Spilling the tea on the Jewish American tea industry...

Jews’ love affair with seltzer is well-documented, as are their contributions to the soda industry, but their roles as titans of tea is less well-known.  

The OGs of the Jewish tea scene include Samuel Zechnowitz, who started the Swee-Touch-Nee company in 1880. “Swee-Touch-Nee” is a rough transliteration of the Russian “tsvetochnyy chay” (flowery tea) and the original packaging included the name written in Cyrillic. A few years later, Zechnowitz emigrated from Russia to New York City, where he opened a tea store in the Lower East Side. The small shop eventually grew into The Consolidated Tea Company, which for the next several decades continued to be owned and run by the Zechnowitz family. It was only in 2015 that the company was dissolved and Swee-Touch-Nee was sold to a competing organization. Today, Swee-Touch-Nee is vended to loyal consumers through the Bromley Company, with its signature slogan, “The Aristocrat of Tea.”  

In 1972, three Jewish businessmen took a leaf from Zechnowitz’s playbook when they banded together to form Unadulterated Food Products, designed to supply fruit juices to local health food stores. Arnold Greenberg, Hyman Golden and his brother-in-law Leonard Marsh initially launched Unadulterated Foods as a side gig. Among their first products was a fermented apple juice whose carbonation gave it a “snap” that inspired the portmanteau “Snapple” (snappy + apple). The catchy moniker soon supplanted the company name and Snapple expanded its line of products in the 1980s to include sodas (cream and root beer remain nostalgic favorites) and fruit drinks, as well as all-natural juices. 

In 1987, Snapple turned to tea and never looked back. While some like it hot, Greenberg and crew do not, and their decision to chill their debut brew was the right one. Snapple’s Lemon Iced Tea became a great commercial success and an industry game-changer with regards to its dearth of preservatives made possible by a unique bottling process. Sales rose by 60% in just one year and the Snapple family of flavors increased more than five-fold, enabling them to literally edge out the competition by dominating valuable shelf space in stores. 

When Snapple launched its first major national television advertising campaign in the 1990s to promote its rapidly proliferating product line, they did not shy from their Jewish roots, but rather embraced them. Actor Wendy Kaufman was appointed “The Snapple Lady,” an affable zaftig figure with a distinctive Long Island drawl, who quickly endeared herself to viewers with her no-nonsense, humorous responses to consumer letters. 

Since 1992 Snapple has changed corporate hands through multiple sales, beginning with its purchase by Thomas H. Lee of the eponymous investing partnership.  In 1984, Lee sold it for $1.7 billion to Quaker Oats, who ended up selling just over a decade later. After a few other sales, Snapple is currently run by the Dr. Pepper Snapple Group.

One of the newest cuppa contenders on the Jewish tea scene is Mazel Tea, founded by Allan Shulman in 2021. Necessity, they say, is the mother of invention, an aphorism that hits particularly close to home for Shulman, whose idea for a Jewish-themed tea company was spurned by his inability to find a suitable present for his mother-in-law. Shulman initially created a single personalized tea set for his MIL, but its popularity among his friends and family (many of whom clamored for their own version to gift to others) led him to formalize his venture. Mazel Tea’s feature three teas include “Bubbe’s Blend” (a nod to Shulman’s bubbe’s kompot); “Shalom Shlof” (a sleep-aid blend); and “Oy Vey, Earl Grey!” In the future, Shulman plans to expand Mazel’s offerings, always with the goal of “promoting yiddish language and culture in a fun and light-hearted way.”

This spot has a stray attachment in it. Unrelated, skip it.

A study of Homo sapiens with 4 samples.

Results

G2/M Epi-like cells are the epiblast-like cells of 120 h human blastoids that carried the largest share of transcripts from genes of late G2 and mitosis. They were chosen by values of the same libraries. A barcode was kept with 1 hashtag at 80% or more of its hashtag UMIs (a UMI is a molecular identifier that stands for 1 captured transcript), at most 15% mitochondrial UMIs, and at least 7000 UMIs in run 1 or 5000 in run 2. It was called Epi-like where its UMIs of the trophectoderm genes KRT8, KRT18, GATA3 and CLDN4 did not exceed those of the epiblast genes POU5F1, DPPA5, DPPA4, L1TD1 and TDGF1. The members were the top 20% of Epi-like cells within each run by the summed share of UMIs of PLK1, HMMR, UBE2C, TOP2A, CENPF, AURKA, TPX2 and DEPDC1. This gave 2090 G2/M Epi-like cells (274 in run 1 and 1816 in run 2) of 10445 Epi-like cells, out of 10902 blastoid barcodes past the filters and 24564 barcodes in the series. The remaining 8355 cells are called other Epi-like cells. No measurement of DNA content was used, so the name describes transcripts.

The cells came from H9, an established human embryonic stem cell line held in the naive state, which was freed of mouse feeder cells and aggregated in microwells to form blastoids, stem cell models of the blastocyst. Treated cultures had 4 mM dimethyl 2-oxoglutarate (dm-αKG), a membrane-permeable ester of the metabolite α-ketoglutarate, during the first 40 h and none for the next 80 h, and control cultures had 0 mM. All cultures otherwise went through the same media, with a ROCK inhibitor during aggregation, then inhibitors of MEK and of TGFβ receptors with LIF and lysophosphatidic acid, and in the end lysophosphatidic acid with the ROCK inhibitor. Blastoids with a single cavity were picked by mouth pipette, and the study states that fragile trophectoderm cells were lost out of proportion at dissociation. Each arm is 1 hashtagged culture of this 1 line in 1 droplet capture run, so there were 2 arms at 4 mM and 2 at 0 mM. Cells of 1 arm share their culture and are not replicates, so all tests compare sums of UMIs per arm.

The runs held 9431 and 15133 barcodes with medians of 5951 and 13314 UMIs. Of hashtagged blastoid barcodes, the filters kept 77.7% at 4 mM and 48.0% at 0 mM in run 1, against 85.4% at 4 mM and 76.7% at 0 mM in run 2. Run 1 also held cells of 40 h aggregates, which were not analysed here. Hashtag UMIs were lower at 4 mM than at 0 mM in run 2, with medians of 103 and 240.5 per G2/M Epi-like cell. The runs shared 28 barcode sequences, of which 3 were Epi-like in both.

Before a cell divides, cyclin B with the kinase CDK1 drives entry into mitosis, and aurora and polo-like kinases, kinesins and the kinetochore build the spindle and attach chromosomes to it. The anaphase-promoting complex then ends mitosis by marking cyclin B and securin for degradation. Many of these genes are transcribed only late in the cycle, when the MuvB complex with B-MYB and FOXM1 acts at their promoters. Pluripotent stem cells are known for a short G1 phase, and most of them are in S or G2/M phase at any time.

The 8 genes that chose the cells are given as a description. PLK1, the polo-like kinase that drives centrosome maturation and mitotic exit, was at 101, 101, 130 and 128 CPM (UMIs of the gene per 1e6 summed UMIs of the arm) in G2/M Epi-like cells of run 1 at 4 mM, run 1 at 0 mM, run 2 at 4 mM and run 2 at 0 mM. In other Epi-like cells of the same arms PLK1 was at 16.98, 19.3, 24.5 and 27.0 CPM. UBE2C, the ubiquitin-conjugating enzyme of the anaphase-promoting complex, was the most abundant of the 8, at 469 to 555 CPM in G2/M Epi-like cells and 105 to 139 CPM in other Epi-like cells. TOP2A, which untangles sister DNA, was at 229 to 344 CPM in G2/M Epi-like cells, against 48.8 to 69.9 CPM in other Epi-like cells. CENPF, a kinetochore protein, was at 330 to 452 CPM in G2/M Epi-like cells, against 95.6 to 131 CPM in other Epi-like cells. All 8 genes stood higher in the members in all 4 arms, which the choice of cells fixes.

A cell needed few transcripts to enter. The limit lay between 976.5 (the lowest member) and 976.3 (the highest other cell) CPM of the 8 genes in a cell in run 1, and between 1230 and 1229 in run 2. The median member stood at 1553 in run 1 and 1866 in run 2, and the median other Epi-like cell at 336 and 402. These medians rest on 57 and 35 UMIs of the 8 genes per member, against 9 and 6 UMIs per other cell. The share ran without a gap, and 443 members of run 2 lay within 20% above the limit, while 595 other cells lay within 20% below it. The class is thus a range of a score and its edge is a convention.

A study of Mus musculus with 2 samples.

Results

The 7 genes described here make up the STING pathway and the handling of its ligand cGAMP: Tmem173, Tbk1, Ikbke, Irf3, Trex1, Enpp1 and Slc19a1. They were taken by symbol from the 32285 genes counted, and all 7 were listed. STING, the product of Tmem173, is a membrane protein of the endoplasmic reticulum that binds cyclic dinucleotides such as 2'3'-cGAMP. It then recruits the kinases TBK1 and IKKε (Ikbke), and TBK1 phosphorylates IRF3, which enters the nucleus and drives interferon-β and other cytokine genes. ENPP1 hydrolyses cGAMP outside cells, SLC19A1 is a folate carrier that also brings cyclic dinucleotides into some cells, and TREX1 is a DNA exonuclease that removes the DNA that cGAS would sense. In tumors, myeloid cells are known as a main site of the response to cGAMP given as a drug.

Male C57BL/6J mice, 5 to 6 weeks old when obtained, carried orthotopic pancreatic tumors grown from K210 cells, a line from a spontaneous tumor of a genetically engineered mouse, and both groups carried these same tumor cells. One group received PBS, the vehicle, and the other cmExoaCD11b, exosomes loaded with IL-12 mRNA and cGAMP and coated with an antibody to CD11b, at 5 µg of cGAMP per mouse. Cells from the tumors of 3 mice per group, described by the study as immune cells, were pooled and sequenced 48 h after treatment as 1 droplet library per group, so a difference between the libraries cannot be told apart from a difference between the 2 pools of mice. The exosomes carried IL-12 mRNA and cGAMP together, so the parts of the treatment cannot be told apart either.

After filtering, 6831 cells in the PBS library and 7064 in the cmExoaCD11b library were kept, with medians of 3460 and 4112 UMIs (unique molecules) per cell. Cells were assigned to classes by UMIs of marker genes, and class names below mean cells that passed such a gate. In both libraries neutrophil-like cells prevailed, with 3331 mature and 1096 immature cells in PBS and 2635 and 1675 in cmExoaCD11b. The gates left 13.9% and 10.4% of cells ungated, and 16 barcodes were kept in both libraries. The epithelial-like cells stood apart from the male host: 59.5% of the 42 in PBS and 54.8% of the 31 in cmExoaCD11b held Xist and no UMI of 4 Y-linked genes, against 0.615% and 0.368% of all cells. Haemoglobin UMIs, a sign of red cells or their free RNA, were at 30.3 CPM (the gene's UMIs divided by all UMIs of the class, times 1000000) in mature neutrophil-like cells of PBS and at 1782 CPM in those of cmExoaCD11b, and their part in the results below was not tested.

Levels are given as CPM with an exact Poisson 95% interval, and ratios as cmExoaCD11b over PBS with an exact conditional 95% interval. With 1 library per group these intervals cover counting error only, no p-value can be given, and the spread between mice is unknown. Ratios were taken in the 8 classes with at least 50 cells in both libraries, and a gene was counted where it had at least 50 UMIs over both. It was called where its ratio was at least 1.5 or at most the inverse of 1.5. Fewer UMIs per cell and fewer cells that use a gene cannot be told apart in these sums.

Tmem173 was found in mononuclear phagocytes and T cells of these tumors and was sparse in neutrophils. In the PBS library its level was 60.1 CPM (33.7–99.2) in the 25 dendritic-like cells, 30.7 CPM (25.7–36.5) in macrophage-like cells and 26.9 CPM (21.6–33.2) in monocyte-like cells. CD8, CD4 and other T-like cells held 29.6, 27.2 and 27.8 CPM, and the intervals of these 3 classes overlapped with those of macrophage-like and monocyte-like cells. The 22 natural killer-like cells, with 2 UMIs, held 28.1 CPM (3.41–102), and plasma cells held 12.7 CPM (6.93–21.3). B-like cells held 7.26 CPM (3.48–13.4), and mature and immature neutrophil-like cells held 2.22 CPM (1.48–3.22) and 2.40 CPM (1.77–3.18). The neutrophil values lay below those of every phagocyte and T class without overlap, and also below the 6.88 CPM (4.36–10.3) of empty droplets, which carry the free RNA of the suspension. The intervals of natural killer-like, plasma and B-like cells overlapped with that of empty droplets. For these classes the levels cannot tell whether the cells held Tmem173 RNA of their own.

Another important branch of the Jewish American Tea dynasty is the Republic of Tea. Launched in 1972, this high-end tea manufacturer is the brew brainchild of Bill Rosenzweig, Mel Ziegler and Patricia Ziegler (the latter two of whom are responsible for another retail “government”, Banana Republic). They sold the company in 1994 to Pam and Ron Rubin, two Jews from St. Louis, Missouri and their son Todd took over as company president in 2015. The Rubins’ business success enabled them to spearhead numerous philanthropic ventures, including the Rubin Israel Experience. This program provides full financial support to ten adults from the St. Louis area who have never been to Israel in order to “strengthen the connection of Jewish adults to Israel and broaden their perspective for their Jewish community.”

Like their American counterparts, Israeli Jews are also heavily invested in tea, though their relationship is less tepid: they like it calm, cool — and infused. Tea is commonly bought by weight, often from street vendors, who parcel out scoopfuls of the chosen blend for customers to take home. There’s also somewhat of a national obsession with “halitot,” herbal bends in flavors including sage, spearmint, lemongrass, hibiscus and verbena. These blends are enjoyed on their own or sometimes paired with black tea for an extra kick of caffeine. 

Now that we’ve spilled the proverbial tea on Jews and their beloved brews, why not consider adding some to your repertoire of daily caffeinated or herbal libations? We promise the learning curve to finding your new favorite cup will not be steep.